Booker T. Washington (1856-1915), founder and principal of Tuskegee Institute in Alabama, organized the National Negro Business League in 1900 to promote “commercial, agricultural, educational, and industrial advancement … and the commercial and financial development of the Negro.” Washington believed that blacks should “leave political and civil rights alone” in order to “make a businessman of the Negro.”

Washington was hoping that the League would encourage blacks to start their own businesses, thus proving that they were as capable as whites of economic success. This in turn, Washington reasoned, would eventually lead whites to allow blacks — or at least certain blacks — their right to vote and due process of law. The League’s membership included a number of successful black businessmen (and women) and professionals and a large number of the black middle class “strivers” who hoped to start their own businesses.

Women office workers
Man at desk; The National Negro Business League

Margaret Clifford, Washington’s granddaughter, noted that her grandfather also encouraged women to develop business skills. “He started the National Business League while he was in Tuskegee so people could learn how to start a business, make a business develop and go and prosper and make a profit. When I went to high school, even though he had been dead for some years, his educational practices were still in practice. They explored all the trades. The girls explored cooking, sewing and handicrafts the first two years, and the last two years they specialized.”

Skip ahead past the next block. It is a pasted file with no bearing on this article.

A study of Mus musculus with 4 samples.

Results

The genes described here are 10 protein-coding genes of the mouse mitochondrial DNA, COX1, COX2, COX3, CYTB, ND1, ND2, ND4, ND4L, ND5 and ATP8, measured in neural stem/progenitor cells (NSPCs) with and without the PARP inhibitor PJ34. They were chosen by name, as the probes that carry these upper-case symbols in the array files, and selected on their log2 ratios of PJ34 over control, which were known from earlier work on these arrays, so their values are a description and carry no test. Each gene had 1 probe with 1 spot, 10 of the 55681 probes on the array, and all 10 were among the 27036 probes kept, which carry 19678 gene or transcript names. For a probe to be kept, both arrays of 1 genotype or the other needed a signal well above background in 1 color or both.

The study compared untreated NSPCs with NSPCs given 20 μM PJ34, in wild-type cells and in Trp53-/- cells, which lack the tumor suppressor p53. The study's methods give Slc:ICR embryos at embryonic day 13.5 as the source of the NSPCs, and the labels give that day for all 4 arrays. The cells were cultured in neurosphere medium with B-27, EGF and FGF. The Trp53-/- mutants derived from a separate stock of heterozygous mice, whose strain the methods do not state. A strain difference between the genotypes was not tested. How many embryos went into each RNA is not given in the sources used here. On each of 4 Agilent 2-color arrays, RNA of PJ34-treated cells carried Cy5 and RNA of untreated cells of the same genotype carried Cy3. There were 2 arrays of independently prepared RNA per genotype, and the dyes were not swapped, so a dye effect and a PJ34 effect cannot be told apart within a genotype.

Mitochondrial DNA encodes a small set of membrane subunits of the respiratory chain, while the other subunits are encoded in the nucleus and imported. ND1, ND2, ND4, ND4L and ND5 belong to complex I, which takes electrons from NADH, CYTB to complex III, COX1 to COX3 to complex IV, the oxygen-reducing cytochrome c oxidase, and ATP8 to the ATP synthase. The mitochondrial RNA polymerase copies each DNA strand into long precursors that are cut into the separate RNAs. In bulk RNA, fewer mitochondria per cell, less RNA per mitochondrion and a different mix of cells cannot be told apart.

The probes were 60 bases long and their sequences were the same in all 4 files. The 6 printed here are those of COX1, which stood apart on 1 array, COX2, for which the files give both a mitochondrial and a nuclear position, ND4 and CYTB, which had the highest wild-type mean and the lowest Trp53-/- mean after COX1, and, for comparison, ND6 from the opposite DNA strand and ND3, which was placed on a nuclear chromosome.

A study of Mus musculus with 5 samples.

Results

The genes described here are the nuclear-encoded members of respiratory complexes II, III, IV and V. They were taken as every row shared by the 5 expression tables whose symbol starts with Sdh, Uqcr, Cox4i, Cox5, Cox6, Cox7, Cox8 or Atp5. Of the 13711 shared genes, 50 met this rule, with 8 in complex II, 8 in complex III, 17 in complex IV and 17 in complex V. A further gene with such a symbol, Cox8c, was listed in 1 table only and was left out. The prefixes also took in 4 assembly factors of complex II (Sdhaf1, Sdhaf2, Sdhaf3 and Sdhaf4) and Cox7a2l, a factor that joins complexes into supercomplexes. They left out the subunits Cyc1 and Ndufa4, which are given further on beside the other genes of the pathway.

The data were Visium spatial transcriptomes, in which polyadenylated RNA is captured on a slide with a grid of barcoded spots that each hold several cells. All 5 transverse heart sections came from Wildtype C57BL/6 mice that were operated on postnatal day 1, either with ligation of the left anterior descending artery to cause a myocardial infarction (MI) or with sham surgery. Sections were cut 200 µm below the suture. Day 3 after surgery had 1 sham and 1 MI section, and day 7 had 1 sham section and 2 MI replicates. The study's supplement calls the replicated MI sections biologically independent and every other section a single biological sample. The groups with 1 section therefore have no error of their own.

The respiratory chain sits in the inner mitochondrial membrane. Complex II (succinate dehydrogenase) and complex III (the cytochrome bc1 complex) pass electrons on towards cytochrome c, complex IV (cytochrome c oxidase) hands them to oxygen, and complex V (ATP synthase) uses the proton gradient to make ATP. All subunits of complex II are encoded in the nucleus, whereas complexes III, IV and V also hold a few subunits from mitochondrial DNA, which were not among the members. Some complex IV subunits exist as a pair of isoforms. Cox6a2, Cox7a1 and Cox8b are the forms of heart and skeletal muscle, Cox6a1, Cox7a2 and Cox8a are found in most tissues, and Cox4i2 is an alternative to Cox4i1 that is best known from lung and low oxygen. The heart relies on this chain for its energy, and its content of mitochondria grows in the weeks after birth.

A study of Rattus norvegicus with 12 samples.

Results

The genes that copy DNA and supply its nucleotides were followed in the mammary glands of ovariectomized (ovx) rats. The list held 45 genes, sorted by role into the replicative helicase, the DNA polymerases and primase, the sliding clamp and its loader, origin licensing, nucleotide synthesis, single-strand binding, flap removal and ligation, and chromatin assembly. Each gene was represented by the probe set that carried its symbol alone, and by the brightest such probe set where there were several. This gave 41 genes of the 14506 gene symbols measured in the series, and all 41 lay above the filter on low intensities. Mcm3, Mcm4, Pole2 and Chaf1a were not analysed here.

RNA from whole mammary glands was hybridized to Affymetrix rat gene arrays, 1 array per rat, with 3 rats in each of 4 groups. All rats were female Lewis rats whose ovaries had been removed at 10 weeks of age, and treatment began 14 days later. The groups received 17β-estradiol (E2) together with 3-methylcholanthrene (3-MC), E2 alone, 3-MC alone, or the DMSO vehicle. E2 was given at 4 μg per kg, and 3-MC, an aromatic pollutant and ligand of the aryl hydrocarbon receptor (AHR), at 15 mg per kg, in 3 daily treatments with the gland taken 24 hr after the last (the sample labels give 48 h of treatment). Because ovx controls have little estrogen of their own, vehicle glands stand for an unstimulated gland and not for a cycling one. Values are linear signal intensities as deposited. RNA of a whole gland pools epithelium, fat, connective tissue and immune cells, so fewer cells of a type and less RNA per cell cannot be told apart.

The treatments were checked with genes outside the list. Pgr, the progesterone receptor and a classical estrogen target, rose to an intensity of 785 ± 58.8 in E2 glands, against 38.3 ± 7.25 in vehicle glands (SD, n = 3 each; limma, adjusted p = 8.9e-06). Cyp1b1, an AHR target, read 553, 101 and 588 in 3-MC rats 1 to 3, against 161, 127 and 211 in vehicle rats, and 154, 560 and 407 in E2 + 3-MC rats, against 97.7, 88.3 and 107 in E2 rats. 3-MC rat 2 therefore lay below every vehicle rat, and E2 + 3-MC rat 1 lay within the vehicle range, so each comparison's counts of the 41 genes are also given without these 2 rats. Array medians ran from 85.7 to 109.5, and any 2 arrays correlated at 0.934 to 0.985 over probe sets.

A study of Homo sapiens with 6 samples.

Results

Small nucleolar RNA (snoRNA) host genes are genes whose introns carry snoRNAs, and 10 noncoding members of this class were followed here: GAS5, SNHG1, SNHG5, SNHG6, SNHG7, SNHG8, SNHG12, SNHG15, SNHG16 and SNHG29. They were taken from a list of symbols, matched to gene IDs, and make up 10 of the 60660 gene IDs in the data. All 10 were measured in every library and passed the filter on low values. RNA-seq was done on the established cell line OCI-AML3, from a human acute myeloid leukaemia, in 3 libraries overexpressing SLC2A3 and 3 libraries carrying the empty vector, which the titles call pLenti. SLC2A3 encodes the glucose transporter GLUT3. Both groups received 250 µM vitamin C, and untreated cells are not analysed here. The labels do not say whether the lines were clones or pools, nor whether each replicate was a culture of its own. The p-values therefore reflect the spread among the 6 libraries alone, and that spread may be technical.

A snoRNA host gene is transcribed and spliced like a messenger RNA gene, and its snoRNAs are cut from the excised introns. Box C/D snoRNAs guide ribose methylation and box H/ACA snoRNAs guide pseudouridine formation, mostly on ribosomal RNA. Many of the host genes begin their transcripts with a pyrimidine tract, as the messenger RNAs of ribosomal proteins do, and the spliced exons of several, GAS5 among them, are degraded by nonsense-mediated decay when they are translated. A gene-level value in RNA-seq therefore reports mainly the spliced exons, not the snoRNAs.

The League operated through state and local chapters, many of which were located in the South. League meetings were held to allow small businessmen to make contact with each other, and share stories of their struggles and successes. The league had financial support from white businessmen. Washington used his social and financial access to powerful leaders of the white business elite — including department-store magnate John Wanamaker, steel mogul Andrew Carnegie, and Julius Rosenwald, head of the Sears, Roebuck mail-order company — to support his efforts.